Hyderabad: A new report by the Indian School of Business’ Max Institute of Healthcare Management and the Center for Global Development highlights the importance of improving antimicrobial innovation, accessibility, and stewardship practices to tackle antimicrobial resistance (AMR) in India. The report urges governments and key stakeholders to address this pressing public health issue.
India currently experiences over a million deaths annually due to drug-resistant pathogens, highlighting the severity of the AMR problem. Factors contributing to the issue include the widespread misuse and overuse of antibiotics, both within healthcare facilities and in domestic settings.
The report highlights shortcomings in the government’s National Action Plan on AMR, particularly in drug procurement, access, and stewardship practices.
The report also highlights the importance of implementing state-level action plans to combat the spread of AMR, noting that currently, only four states—Kerala, Madhya Pradesh, New Delhi, and Andhra Pradesh—have taken such measures.
Prof. Sarang Deo, Executive Director of ISB Max Institute of Healthcare Management, stresses the need for innovative solutions to ensure uninterrupted access to high-quality antimicrobial medications while preventing antibiotic overuse. This is particularly crucial for small- and medium-sized hospitals that often lack robust stewardship programs and operational economies of scale.
One proposed solution involves strengthening hospital accreditation, which would certify effective antimicrobial stewardship practices, and establishing a pooled procurement system through public-private partnerships for high-end antimicrobials based on these accreditation systems.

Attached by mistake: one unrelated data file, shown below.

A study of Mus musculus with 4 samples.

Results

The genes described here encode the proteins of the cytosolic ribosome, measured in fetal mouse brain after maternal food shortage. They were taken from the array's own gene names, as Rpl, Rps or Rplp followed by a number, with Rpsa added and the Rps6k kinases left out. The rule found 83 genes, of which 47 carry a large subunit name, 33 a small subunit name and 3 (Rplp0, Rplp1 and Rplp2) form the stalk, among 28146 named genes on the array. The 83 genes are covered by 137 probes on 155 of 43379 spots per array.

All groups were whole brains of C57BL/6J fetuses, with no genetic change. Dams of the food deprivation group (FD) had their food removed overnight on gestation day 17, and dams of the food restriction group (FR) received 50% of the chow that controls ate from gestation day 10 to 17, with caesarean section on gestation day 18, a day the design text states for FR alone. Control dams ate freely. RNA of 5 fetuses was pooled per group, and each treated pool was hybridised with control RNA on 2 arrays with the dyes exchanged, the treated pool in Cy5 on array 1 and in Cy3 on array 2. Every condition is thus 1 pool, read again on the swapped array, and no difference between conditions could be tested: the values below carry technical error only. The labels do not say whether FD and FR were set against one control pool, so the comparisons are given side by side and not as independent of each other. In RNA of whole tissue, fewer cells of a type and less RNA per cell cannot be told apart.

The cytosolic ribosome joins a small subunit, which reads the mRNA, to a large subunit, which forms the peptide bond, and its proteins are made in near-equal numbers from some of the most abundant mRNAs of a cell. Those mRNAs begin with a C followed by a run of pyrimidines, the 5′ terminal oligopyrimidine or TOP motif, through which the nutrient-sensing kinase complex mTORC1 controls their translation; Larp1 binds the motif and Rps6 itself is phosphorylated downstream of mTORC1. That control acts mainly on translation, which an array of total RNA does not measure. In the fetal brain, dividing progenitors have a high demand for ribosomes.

The report puts forward several recommendations to tackle AMR, including modifying procurement practices, adding essential antimicrobials to state drug procurement lists, enhancing inter-state coordination, improving surveillance, and upgrading diagnostic facilities in healthcare institutions.
Additionally, the report emphasizes the need to create an innovation ecosystem for antimicrobial research and development, with a specific focus on developing tailored antimicrobials for the Indian context. This recommendation is rooted in the report’s key finding that critical-priority pathogens in India demonstrate resistance to over half of the available antimicrobials, necessitating the urgent development of new antibiotics.
Javier Guzman, Senior Policy Fellow and Director of Global Health Policy at the Center for Global Development, underscores the potential impact of the report’s policy recommendations, highlighting their implementation through the National Action Plan on AMR and state-level action plans. If effectively executed, these recommendations position India as a global leader in the fight against AMR and significantly enhance global health security.